The Monkey Do Project

MonkeyDoProjectFaceUSPovertyShockFreeQuotesStatsEach Wednesday, I spend time sifting through various social media streams so that I can find interesting people and projects who may not appear in the news.

Yesterday, I came across The Monkey Do Project, which seeks to partner with groups working in Appalachia.

As I read about the project, I was reminded of what I used to tell my colleagues and friends on the East and West Coasts: If you travel through Appalachia, you will experience life that you only expect to see in the Third World.

This doesn’t mean the entire region is a depressed wasteland. However, there are large swaths that have been cut off from the highway system, the national economy, and the technological revolution, and this has created a profound Third World-ness to the region.

The area needs more than just public-private partnerships; it also needs boots on the ground. Hence the Monkey Do Project:

The Monkey Do Project is a registered non-profit that focuses on the most distressed areas of the Appalachia. The government defines those areas as the poorest regions in our entire country.

We work as an outreach to partner up with groups, churches, organizations and other non-profits to provide for different needs–physical, emotional and spiritual–of people in those areas.


    My grandmother lives in conditions many of us would call “third world” in Adams County, Ohio. My parents try to help her; they’ve offered to buy her a house, move her closer to them or pay for fixes. She refuses. I would say a certain amount of it is pride, but I also think she is just so used to her way of life that she sees no reason to change. If I forget about her medical issues, I do truly believe she is content.

    She was born in a one-room cabin with no running water or electricity in Swiss Colony, KY. Now, she lives just barely above that standard. But this time it’s by choice. She lived for the entire middle part of her life in and around Cincinnati but she prefers to live in the foothills away from everyone and everything.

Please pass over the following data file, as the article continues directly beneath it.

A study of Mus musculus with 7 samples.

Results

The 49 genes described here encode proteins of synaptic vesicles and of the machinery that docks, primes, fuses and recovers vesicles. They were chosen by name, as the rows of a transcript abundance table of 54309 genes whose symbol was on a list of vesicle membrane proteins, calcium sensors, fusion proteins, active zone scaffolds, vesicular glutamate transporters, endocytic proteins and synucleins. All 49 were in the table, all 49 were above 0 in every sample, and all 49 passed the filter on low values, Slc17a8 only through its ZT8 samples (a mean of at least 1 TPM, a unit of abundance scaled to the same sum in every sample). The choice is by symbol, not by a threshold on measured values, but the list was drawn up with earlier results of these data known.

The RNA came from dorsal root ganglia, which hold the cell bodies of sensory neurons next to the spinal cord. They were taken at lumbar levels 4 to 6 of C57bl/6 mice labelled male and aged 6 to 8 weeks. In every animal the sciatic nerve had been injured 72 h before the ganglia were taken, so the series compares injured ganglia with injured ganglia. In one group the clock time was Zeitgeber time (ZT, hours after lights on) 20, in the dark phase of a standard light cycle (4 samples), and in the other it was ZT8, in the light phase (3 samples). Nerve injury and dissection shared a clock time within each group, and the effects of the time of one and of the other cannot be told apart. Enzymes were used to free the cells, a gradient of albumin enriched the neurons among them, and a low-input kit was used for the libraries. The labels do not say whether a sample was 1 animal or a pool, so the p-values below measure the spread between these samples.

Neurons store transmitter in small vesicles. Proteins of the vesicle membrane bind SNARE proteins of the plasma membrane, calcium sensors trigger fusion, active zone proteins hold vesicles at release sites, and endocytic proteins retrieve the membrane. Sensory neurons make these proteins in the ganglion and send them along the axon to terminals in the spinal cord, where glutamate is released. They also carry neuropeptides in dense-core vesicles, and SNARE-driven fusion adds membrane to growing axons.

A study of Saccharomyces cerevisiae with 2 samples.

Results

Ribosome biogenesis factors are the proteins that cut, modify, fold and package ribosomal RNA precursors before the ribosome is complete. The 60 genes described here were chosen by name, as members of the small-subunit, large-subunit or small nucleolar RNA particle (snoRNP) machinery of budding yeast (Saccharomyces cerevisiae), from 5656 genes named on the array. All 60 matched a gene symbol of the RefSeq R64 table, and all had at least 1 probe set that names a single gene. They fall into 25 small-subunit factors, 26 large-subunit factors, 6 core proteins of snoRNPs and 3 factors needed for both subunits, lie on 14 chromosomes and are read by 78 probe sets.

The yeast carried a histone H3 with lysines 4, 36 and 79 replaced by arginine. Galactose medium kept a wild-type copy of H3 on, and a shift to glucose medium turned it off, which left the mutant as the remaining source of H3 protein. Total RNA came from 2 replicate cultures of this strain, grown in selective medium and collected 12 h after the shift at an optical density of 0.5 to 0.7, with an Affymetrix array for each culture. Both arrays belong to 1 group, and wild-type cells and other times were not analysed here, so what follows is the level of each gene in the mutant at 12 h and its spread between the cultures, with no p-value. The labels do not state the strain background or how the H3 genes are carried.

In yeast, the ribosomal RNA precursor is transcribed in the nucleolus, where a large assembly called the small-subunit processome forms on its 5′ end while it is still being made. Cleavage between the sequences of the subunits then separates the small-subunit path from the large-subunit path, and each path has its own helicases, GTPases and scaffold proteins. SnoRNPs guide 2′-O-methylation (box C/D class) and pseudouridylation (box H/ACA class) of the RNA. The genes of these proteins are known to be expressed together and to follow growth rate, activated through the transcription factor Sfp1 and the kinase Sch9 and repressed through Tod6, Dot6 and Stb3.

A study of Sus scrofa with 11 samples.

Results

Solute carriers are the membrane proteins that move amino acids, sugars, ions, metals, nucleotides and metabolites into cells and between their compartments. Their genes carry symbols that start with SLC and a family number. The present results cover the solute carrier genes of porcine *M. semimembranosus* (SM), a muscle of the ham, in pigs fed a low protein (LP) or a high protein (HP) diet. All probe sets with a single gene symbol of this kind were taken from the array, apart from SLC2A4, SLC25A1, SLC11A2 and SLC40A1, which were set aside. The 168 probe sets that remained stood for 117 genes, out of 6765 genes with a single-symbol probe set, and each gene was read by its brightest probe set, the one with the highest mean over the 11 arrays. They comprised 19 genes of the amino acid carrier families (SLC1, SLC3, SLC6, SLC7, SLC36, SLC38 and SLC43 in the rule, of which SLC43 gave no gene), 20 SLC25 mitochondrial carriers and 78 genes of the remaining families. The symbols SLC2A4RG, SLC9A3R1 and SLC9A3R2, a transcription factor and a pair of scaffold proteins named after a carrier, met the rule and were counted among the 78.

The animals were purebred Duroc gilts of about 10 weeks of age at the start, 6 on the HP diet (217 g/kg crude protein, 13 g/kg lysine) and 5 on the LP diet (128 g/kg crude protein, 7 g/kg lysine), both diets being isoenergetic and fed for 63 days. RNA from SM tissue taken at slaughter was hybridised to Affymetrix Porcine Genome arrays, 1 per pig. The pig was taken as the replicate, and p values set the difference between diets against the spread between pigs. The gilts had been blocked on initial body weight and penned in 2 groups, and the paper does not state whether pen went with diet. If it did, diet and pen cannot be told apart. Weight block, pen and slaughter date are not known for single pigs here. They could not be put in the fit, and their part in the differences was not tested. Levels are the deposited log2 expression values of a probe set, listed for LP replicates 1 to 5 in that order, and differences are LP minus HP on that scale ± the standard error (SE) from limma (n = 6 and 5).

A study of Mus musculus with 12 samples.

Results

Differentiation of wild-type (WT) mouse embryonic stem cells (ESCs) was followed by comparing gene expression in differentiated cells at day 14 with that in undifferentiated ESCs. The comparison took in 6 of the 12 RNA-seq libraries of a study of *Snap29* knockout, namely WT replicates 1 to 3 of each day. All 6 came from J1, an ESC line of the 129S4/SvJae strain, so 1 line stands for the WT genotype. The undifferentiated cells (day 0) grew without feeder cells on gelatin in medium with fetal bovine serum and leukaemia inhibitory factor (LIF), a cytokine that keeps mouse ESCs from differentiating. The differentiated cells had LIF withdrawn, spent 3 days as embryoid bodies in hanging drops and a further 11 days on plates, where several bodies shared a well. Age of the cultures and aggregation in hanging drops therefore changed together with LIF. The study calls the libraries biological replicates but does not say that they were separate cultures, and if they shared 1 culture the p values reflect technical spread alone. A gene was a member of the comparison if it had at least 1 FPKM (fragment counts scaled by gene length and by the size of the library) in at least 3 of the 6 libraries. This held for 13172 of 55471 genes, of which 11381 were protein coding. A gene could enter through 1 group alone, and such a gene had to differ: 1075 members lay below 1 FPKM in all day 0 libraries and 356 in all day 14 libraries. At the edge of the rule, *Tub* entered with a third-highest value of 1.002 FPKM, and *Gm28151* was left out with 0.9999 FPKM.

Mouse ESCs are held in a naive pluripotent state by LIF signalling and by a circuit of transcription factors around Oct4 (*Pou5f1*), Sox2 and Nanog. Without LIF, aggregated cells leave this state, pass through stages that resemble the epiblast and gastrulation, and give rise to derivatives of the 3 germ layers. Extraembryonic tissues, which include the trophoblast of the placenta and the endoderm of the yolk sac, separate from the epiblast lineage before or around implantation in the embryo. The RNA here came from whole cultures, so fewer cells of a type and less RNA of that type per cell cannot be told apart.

Part of me wants to pull her out of it because I know she is far away from help and also because she would have access to better food, doctors and family here. We check on her as much as we can. But I know that if we forced her to live like we all believe she should, it would kill some part of her spirit.

    I guess my point is that yes, much of the region is dirt-poor and disadvantaged. But I believe this is compounded by attitude and tradition. Whether that’s a result of ignorance, pride or true preference, I can’t say. I do think any solution to problems in the region must be respectful of the culture and not just throw resources or money at them.

    • Brad_King June 6, 2013   Reply →

      When i was down in Clay County doing research, I had the chance to speak with several folks who’d lived in Manchester their entire lives. Clay County is one of the 10 poorest counties in the country, and the residents understood the future was not bright for them.

      And yet the idea of someone giving them help was the antithesis of everything they stood for (

      One unspoken reason (and one of the 4 themes in my book): Central governments have long promised help, e.g. transportation, infrastructure, meant to fix the areas, only to remove that help (many times mid-help). The removal of that help actually accelerated the problem, which has in many instances led to the well-reasoned position that governments can’t be trusted to fix these problems.